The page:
US enters into great Tesla Semi debate
Business pundits as well as Musk fans get into act as share markets get choppy
US business commentators and investment houses are agog at the impact on Paccar and Cummins by Elon Musk’s Tesla Semi tweet over the Easter break.
Musk wrote that his firm’s electric prime mover would be unveiled in September.
Paccar’s share price lost more than a dollar from Monday to end trading at US$64.20 while Cummins lost nearly US$3 sliding to $144.
On Tuesday, an analyst with investment firm Piper Jaffray downgraded the outlook for both stocks from "overweight" to "neutral", due to the potential for "disruption", not just from Tesla, of what is expected to be leaner and more efficient technology, sparking instant interest from pundits online and on television.
Seemingly lost in the speculation was that banking and investment firm Wells Fargo upgraded Cummins on Monday to "outperform".
Interestingly, though Piper Jaffray mentioned Allison Transmission as a possible disruptee, its share price rose strongly after a very short dip, from US$34.27 to US$34.89.
Analysts on business news service CNBC pointed out that the promise of electric prime movers and intelligent transport still had a long way to go while Tesla sceptic and former General Motors vice chairman Bob Lutz appeared on screen to question Tesla’s future as an electric carmaker, given manufacturing cost challenges, the huge competition from longer established mainstream companies and rock-bottom pricing.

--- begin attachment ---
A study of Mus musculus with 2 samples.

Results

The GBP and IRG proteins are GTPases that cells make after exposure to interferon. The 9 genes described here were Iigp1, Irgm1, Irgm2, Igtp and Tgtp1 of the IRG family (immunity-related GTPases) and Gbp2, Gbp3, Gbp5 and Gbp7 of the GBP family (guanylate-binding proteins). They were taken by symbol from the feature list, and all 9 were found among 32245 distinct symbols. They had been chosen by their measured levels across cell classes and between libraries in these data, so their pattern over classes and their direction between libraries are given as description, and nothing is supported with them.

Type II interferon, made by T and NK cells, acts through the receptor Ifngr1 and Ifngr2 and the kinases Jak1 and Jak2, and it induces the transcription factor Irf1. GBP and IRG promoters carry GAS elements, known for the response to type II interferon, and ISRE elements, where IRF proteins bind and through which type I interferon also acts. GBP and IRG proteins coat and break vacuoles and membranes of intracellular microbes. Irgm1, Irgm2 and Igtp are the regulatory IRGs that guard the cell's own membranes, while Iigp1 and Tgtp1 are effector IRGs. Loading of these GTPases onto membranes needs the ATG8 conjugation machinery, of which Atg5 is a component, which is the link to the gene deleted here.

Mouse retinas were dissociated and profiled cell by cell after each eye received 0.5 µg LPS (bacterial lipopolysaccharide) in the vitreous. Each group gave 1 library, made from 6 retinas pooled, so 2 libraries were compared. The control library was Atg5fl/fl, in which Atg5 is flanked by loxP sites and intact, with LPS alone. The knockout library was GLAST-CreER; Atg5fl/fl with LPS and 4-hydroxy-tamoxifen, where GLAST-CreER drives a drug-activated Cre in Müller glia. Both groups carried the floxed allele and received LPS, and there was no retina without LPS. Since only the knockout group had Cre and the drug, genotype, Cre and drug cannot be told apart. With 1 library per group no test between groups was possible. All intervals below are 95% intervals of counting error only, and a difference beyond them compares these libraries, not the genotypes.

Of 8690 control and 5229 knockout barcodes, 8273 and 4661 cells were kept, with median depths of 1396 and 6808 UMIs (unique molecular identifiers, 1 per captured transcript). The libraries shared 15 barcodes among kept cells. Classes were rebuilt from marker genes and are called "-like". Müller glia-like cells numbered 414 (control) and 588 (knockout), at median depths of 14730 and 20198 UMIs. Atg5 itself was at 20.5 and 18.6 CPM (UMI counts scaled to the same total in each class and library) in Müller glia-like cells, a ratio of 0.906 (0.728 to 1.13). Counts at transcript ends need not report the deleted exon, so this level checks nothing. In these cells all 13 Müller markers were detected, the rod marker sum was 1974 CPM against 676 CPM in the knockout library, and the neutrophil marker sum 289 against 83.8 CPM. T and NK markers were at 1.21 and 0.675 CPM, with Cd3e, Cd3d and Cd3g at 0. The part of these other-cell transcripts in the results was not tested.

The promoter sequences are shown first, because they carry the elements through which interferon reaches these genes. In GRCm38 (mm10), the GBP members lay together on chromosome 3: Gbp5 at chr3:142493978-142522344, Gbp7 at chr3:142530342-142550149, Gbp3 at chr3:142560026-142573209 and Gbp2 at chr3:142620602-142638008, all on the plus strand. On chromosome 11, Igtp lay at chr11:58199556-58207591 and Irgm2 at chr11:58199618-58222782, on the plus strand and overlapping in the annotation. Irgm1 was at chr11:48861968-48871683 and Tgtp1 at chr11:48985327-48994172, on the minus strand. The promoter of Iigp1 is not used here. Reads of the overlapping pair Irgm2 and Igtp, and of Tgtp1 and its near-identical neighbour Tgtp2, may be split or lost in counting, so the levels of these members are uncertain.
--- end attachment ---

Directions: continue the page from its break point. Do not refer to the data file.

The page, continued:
This intervention followed Tesla’s market capitalisation topping that of Ford, despite the company having built a fraction of that company’s totals in the past few years.
Against the naysayers, business website Motley Fool echoed other fans in saying Tesla’s trucking move "poses a direct threat" to the truck and engine-makers’ US business models.
Though not entirely convinced that Tesla will have an easy time of it, the website warns of the possibility that "truck companies hedge their bets and potentially put off purchases of old-tech trucks in order to be able to spend that money on battery-powered Tesla semis later".
One of the more involved debates over the truck initiative was in the Tesla-focused website Teslarati, where issues such as price, return on investment, range, potential European demand, uses and the electric ambitions of delivery giants such as UPS were discussed.